Identification evidence Edit
Identification evidence is one form of opinion evidence (See also OPINION EVIDENCE). There are some difficulties with using such evidence due to its nature and general unreliability.
The three occasions at which identification evidence may arise or be used are at the incident, at an identification procedure or in court.
Identification evidence falls into two categories:
- Positive identification evidence. Example: That man was the person I saw standing next to the blue car.
- Resemblance identification evidence. Example: The man there has the same physical build as the man who I saw next to the ,however I’m not certain that it is the same person.
Resemblance evidence is not seen as being very reliable and so courts are hesitant to permit it.
When identification evidence will be used Edit
If the person who is asked to identify witness is told that the person whom they are identifying is a suspect then identification evidence will not be permitted in the trial. The judge can choose to allow or disallow identification evidence for a number of reasons including fairness or for reasons of public policy.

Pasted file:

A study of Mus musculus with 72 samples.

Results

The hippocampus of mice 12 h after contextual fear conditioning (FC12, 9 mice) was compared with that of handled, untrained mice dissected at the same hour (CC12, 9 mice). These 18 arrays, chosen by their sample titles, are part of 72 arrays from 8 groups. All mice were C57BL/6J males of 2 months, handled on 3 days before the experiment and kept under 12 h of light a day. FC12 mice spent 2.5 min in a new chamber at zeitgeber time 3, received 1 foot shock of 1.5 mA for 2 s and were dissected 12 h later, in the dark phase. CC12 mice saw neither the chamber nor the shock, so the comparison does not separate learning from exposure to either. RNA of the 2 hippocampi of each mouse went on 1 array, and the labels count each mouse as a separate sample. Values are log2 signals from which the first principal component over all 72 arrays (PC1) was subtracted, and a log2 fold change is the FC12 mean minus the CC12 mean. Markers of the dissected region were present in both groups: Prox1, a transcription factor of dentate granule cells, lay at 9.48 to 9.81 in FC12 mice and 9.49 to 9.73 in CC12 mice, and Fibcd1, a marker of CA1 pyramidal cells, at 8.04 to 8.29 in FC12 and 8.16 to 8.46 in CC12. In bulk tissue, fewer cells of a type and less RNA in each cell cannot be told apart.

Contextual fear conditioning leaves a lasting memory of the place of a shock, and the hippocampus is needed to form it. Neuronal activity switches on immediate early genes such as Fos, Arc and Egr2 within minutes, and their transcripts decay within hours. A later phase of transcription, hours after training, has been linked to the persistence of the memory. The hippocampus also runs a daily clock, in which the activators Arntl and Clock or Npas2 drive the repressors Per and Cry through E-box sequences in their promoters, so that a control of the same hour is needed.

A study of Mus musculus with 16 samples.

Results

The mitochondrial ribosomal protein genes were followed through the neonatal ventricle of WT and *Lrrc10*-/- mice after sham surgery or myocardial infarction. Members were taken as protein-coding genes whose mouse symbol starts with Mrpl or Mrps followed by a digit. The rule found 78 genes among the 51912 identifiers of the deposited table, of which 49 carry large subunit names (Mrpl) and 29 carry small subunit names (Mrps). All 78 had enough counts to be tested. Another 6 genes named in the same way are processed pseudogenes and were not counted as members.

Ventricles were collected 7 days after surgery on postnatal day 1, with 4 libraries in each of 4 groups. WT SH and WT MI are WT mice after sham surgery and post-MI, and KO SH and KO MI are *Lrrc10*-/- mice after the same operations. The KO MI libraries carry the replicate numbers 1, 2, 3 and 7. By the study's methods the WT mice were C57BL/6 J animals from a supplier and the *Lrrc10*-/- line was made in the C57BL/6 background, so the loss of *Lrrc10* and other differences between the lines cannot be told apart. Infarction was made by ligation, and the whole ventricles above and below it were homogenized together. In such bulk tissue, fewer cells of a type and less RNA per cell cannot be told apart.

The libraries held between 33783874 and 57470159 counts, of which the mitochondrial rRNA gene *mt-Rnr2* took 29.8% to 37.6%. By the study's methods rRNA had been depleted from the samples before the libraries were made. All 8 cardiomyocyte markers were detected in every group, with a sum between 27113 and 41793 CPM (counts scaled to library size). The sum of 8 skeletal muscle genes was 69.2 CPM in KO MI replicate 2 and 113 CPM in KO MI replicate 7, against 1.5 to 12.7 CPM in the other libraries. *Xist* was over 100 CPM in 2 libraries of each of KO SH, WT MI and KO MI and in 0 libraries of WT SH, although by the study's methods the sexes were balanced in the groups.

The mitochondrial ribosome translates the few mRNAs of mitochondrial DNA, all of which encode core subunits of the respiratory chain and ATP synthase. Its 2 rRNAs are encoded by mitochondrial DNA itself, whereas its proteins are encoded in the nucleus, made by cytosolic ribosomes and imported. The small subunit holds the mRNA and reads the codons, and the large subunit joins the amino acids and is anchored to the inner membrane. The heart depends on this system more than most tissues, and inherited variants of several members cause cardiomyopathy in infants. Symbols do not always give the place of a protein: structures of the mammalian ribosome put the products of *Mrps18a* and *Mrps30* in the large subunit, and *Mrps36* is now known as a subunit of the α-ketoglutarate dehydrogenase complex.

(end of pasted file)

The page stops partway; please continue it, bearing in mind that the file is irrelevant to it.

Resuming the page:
Duty to warn The judge is required to warn the jury of the potential unreliability of identification evidence. This warning may be considered on appeal. If the warning was not sufficient and as a result there was a miscarriage of justice the convicted will have the charge overturned.
Different types Edit
- Accused as a single suspect and dock identifications: This evidence will not be allowed if it is the only means by which the accused is connected with the offence in question.
- Photographic identification: The use of photos by police in identifying suspects is acceptable. However judges are cautious of situations where photos have the effect of creating evidence for the trial. The judge has to decide on the facts whether it would be unfair to the accused to allow the photographic evidence. Similar considerations apply to digiboards.
- Identification Parades:
- Of all of the forms of identification evidence this is the most reliable.
- People who look alike are gathered together with the accused and the witness is asked to identify the accused.
- The accused can refuse to take part in the procedure but police (within limits) can conduct procedures to allow identification to occur
- Voice Identification: this can be admissible evidence. It is not necessary that the witness identifying the voice as that of the accused was familiar with it before the offence.
4. Photofit identifications: this type of evidence is often used and is admissible.